BAGHDAD, Iraq (CNN) -- In one of the deadliest attacks in Baghdad in months, at least 51 Iraqis were killed and 75 were wounded Tuesday in a car bombing, an Iraqi Interior Ministry official said.
The bomb ripped through a garage and a bus stop, hitting an outdoor market and apartments, the official said. The blast in Hurriya, a predominantly Shiite neighborhood in northwestern Baghdad, was one of the deadliest to hit the Iraqi capital in months.
Prime Minister Nuri al-Maliki blamed it on "the defeated remnants of terrorism" and called it an attempt to revive the sectarian warfare that wracked the country for more than a year.
In a statement issued by his office, al-Maliki said "terrorists" and Islamic militants "returned to their old failing bet in trying to incite the sectarian strife" after defeats in Baghdad and other cities.
"This crime will not affect our determination and our commitment to fully defeat the terrorists and preserve the security triumphs achieved by the armed and security forces," the prime minister said. "This will add to our determination to rid the capital and the provinces from the remnants of the terrorists, murderers and criminals."
And U.N. Secretary-General Ban Ki-moon offered his "heartfelt condolences," his office said.
"The secretary-general condemns, in the strongest of terms, the terrorist bombing in northern Baghdad today which has reportedly killed over 50 people and left scores more injured," a U.N. statement said.
The blast came as officials tried to tamp down violence in Shiite areas, where U.S. and Iraqi forces have battled militias.
Earlier Tuesday, four civilians were killed in a suicide attack in northern Baghdad targeting a predominantly Sunni group opposed to al Qaeda in Iraq, an Interior Ministry official said.
The suicide attack is the latest in a flurry of strikes targeting the groups of predominantly U.S.-allied Sunni fighters known as the Awakening Councils or Sons of Iraq. Al Qaeda in Iraq is believed to be responsible for many of these assaults.
The suicide bomber was driving a motorcycle that struck a checkpoint in the predominantly Sunni Suliekh neighborhood. The four victims were Awakening members manning the checkpoint. Two others were wounded.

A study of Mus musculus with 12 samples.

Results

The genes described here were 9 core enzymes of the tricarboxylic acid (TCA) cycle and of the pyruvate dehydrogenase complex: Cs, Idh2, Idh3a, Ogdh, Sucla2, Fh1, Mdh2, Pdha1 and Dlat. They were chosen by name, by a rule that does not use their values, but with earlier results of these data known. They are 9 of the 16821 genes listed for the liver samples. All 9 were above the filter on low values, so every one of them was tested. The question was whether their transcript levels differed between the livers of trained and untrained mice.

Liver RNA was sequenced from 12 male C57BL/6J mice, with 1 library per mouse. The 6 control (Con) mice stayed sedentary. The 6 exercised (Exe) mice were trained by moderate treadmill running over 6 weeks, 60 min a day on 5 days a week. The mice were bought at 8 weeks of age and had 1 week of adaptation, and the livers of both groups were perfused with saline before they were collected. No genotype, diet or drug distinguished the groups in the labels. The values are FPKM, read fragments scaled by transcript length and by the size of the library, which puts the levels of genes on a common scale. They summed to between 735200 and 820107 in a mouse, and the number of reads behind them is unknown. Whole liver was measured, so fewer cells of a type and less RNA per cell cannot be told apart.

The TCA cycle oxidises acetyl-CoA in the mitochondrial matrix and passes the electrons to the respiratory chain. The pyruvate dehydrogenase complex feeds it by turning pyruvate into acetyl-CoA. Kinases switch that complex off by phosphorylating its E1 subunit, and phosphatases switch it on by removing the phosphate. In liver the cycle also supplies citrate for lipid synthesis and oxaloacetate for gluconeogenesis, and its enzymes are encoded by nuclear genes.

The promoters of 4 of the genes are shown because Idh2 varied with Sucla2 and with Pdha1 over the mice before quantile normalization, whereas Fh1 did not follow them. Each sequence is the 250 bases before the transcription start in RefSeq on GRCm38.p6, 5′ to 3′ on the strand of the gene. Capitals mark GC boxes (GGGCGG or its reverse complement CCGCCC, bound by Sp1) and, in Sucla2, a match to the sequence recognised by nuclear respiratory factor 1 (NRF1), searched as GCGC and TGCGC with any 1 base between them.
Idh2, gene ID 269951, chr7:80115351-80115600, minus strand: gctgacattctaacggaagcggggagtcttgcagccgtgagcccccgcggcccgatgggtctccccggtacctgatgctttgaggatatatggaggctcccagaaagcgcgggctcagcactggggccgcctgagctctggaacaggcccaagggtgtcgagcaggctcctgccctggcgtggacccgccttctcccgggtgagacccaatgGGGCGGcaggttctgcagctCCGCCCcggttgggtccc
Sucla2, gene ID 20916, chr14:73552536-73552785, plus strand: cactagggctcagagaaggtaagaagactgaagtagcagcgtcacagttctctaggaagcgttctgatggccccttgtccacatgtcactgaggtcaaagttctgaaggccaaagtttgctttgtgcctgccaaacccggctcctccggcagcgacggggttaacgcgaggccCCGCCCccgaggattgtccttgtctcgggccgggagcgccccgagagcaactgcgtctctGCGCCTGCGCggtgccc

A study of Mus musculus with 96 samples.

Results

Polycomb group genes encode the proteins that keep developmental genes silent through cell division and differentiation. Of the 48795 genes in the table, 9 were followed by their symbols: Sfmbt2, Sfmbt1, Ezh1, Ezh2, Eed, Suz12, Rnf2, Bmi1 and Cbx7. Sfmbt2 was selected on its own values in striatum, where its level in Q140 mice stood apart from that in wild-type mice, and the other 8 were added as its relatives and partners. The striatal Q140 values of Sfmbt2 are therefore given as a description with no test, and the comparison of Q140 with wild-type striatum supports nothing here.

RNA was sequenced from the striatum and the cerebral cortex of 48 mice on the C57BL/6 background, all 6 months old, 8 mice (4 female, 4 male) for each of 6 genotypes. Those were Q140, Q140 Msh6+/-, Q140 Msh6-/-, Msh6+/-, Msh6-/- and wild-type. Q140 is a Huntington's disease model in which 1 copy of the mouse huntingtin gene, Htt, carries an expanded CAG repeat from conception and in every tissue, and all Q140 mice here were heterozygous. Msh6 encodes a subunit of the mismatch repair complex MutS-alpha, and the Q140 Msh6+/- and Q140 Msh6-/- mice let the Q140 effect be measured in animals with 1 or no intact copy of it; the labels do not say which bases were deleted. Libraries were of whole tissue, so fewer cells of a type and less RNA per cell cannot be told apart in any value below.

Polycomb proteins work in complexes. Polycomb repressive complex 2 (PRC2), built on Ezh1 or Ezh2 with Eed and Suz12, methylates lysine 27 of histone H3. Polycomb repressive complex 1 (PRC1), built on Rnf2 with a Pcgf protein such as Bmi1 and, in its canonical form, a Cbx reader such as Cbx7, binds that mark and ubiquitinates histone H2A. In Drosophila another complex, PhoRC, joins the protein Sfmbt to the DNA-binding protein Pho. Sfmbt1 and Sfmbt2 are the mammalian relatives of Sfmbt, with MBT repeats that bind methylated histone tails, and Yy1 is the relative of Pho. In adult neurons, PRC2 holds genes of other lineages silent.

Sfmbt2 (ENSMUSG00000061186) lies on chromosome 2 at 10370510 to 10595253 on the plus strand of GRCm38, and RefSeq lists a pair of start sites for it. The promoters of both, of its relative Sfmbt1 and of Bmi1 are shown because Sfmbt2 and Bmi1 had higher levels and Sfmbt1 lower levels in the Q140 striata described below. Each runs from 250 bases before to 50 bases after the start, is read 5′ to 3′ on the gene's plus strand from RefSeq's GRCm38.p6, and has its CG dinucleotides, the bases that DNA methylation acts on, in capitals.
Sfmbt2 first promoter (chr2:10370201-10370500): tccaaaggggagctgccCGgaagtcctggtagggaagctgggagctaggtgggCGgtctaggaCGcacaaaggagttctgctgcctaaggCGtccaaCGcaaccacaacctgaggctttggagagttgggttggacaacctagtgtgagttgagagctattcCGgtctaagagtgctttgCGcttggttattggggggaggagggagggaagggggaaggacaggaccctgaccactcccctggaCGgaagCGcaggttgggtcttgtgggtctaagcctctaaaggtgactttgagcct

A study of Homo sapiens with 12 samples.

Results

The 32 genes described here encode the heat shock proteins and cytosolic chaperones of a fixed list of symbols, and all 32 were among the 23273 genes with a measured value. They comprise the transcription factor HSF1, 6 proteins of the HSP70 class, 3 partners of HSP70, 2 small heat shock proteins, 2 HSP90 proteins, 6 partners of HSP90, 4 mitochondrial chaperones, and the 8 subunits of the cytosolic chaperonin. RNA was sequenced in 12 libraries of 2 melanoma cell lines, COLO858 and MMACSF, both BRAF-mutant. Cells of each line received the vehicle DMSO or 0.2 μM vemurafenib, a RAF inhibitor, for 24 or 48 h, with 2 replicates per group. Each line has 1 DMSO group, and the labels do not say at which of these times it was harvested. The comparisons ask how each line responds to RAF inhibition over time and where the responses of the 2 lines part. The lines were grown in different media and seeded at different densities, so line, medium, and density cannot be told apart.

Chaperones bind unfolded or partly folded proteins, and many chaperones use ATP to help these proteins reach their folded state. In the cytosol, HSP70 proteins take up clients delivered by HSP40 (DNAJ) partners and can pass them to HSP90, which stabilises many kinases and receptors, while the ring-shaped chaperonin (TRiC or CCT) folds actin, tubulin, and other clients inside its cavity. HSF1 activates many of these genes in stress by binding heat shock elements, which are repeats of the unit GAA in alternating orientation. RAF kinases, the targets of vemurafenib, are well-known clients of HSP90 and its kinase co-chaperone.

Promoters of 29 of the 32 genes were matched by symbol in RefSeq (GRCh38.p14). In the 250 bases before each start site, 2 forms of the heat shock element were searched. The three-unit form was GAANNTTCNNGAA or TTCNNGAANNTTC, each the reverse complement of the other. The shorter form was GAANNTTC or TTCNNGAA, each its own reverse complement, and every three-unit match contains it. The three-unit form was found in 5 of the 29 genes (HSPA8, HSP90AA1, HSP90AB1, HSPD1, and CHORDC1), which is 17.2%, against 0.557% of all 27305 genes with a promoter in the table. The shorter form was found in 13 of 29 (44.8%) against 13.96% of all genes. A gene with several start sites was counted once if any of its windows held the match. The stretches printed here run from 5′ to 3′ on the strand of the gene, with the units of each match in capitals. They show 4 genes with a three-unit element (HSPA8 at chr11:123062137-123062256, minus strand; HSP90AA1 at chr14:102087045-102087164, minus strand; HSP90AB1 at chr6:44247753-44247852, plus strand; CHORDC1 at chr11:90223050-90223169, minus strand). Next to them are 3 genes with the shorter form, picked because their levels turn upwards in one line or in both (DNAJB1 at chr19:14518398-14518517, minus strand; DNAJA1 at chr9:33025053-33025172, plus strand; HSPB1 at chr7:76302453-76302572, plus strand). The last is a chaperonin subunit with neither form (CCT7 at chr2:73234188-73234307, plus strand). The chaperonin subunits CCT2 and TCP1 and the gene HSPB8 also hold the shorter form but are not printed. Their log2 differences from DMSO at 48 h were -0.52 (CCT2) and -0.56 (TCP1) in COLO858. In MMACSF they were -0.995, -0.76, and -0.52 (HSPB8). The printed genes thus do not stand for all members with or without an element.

In other violence Tuesday, gunmen killed an employee of the Council of Ministers and wounded his father in western Baghdad, the Interior Ministry said. The man was driving and his father was in the passenger seat when gunmen in another vehicle shot them.
Also Tuesday, a bomb killed a municipal police chief in a volatile Shiite region south of Baghdad, police said.
Col. Saleh Mehdi Kuneihar, the chief of Aziziya, and another police officer were killed and two others were wounded when a roadside bomb struck their car on a road between Wasit and Diyala provinces.
Iraq's government battled Shiite militants in the southern city of Basra and Baghdad's Sadr City this spring.
The government is in the first stages of an operation in the southern province of Maysan, where Prime Minister Nuri al-Maliki announced a Wednesday deadline for "outlaws" to turn in in their weapons.
The move is al-Maliki's latest effort to stamp out militants and establish central governmental authority in the oil-rich southern region. Iraqi security forces also are fighting al Qaeda in Iraq militants in the northern city of Mosul.
Much of the fighting in Baghdad and Basra has been between Iraq security forces and members of Shiite cleric Muqtada al-Sadr's Mehdi Army militia.
Maysan province and its capital of Amara are believed to house Mehdi Army members who fled Basra and Baghdad after the earlier push.
CNN's Jomana Karadsheh contributed to this report.